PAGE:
An innovative federal program to lift families out of poverty is being implemented more effectively in Greater Boston compared to nationally, according to research conducted by the McCormack Graduate School's Center for Social Policy (CSP) and the Metropolitan Boston Housing Partnership (MBHP). But the study also underscores the severe challenges families face in breaking out of poverty.
The Family Self-Sufficiency (FSS) Program targets families receiving Section 8 housing vouchers, helping voluntary participants access education and job training, as well as incentives to encourage savings. The study showed that, over five years, local outcomes were better than national results: enrollment rates were higher (14 percent vs. 5 percent), asset accumulation was greater ($13,598 vs. $5,607), and the termination rate was lower (17 percent vs. 37 percent).
The study was made public February 9 at an event hosted by MBHP. Lead author Brandynn Holgate, a CSP senior research associate, said that, on average, graduates of the local program, administered by MBHP, "tripled their earned income."
Other panelists included program participant Fabrice Montes, MBHP program director David Kelley, Sherry Riva of Compass Working Capital, Stefanie Shull of CONNECT, and CSP director Susan Crandall, who moderated the discussion.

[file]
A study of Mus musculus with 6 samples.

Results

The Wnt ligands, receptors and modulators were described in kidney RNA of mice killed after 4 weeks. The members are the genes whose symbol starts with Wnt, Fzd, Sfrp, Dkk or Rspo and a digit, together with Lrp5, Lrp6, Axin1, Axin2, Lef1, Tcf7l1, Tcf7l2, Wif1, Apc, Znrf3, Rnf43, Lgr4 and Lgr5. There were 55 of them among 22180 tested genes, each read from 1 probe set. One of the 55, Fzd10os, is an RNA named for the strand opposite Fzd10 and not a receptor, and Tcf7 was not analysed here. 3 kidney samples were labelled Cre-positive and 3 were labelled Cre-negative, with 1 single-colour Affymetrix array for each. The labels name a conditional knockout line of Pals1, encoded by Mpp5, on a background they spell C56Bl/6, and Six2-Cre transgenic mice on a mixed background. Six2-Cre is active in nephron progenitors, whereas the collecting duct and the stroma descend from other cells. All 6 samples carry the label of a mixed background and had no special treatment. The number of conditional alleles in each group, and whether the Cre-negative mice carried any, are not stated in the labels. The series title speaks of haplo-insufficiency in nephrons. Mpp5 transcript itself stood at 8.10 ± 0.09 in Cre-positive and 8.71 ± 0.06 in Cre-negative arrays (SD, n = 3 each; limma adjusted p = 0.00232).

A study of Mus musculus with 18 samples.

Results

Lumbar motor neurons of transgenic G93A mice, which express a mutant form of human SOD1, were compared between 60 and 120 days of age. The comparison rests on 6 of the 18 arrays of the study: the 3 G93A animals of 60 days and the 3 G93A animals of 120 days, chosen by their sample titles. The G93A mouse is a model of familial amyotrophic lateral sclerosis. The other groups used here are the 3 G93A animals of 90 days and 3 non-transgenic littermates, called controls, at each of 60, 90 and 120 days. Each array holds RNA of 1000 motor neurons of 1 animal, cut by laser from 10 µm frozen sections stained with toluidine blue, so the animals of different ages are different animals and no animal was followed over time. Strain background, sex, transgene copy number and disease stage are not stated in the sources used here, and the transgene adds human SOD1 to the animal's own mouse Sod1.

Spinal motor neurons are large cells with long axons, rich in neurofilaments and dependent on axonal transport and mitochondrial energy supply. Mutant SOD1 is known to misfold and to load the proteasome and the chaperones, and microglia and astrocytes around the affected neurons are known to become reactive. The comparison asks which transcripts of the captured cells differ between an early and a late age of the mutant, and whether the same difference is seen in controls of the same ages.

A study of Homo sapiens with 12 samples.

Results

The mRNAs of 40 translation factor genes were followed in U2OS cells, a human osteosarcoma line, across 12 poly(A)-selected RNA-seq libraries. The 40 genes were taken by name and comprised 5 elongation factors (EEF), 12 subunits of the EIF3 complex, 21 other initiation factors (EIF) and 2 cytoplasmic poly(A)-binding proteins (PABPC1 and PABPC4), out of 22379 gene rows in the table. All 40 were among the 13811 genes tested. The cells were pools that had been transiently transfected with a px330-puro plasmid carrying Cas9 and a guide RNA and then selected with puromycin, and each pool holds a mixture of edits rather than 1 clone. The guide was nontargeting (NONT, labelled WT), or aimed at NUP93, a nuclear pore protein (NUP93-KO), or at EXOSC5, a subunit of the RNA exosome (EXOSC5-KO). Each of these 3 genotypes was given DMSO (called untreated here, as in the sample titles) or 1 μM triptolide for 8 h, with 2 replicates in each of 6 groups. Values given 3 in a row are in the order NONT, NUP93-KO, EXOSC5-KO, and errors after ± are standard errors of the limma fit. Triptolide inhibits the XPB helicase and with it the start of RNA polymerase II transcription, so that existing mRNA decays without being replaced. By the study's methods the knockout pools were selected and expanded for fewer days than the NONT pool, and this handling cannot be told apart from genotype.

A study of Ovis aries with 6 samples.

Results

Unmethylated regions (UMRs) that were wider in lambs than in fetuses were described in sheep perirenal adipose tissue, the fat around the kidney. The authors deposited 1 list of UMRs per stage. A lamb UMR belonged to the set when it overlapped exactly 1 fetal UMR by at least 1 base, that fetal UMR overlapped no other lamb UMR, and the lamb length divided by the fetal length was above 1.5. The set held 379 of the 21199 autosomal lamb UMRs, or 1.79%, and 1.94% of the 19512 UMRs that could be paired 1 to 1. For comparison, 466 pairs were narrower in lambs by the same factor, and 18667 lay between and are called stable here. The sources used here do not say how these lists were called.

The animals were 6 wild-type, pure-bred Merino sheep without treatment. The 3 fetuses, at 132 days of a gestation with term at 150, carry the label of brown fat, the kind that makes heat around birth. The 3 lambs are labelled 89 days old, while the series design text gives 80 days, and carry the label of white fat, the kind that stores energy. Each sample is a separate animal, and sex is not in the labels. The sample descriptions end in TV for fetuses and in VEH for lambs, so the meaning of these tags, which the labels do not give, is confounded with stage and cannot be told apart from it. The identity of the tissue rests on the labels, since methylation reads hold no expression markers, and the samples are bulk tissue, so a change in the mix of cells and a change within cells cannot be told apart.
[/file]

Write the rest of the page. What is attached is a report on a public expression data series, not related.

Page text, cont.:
Alongside these indicators of success, the program faces obstacles to greater participation. Enrollment rates were low and only 19 percent of graduates ultimately move off of Section 8. The report also identified obstacles for participants, such as low wages, a lack of career ladders, discrimination, and the ever-escalating cost of education.
Following this discussion, panelists responded to questions that explored the complexities of the journey towards financial stability, and possible solutions. As panelist Sherry Riva of Compass Working Capital, an MBHP partner organization, observed, “Families want to work and want to get ahead, and our systems often make it hard to do that.”
“Clients are looking for opportunities to grow and are looking for opportunities to change,” confirmed MBHP’S FSS program director David Kelley.
The research was funded by The Boston Foundation.